01/09/2021

The unwinnable war

2 min
Chris Donahue, the latest U.S. soldier to leave Kabul

BarcelonaOne day ahead of schedule, the last US military has left Afghanistan. The night photograph distributed by the Pentagon shows Chris Donahue, commander of the 82nd Airborne Division, boarding the last plane of the American armed forces that has taken off from Kabul airport. At first light, the Taliban entered the airport and took possession of the planes that until recently were part of the Afghan air force (paid for with Western money). The images of the Taliban celebrating the departure of the Americans certify the end of a military intervention that has lasted two decades and that has ended with a military defeat, because the Taliban return to power, but with the commitment that Afghanistan will no longer be the base for terrorist attacks on the United States.

Let us recall that in a few weeks it will be the 20th anniversary of the 9/11 attacks in the United States, which triggered the intervention in Afghanistan because the Taliban were protecting Osama bin Laden and had good relations with Al Qaeda. Two decades after those attacks, the world has changed significantly. The main Islamist threat is no longer Al Qaeda, but a much more dangerous version, the Islamic State, a guerrilla group that came to control a large area between Iraq and Syria, where it established its caliphate while instigating attacks in Europe. Bin Laden was captured and executed a decade ago when Obama was president of the United States. And in Iraq, where George Bush's United States launched a war in defiance of international law and lying about the existence of weapons of mass destruction, hundreds of thousands of civilians have died in the long and bloody civil war that followed the overthrow of Saddam Hussein.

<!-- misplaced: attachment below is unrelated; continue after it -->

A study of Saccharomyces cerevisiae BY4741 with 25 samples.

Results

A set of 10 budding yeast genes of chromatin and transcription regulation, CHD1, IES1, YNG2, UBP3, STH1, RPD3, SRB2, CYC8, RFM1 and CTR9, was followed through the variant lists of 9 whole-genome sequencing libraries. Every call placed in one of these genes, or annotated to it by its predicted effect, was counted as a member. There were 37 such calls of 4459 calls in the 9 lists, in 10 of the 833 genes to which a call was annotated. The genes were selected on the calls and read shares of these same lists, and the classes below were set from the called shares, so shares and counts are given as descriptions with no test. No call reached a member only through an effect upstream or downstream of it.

The world has changed and Washington came to the conclusion that Afghanistan was a war it could never win, and that it was better to go through the traumatic experience of a withdrawal rather than continue to face a trickle of casualties and skyrocketing costs. Looking back, the United States had been in the war twice as long as the Soviets (1979-1989). During this time advances had been made, for example in women's rights, which are now in jeopardy. That is why the withdrawal must not now turn into a stampede that will further aggravate the situation. The international community must continue to have eyes on the ground and must ensure that the Taliban and any other militias or factions do not commit atrocities.

Even so, and because the Taliban's word can hardly be trusted, there will still be Afghans who will want to flee their country because they feel their lives are in danger. These people must be treated as war refugees under international law. The European Union cannot now disengage itself from the people of the future for whom it is partly responsible. This would be contrary to the values on which the EU was built after the Second World War.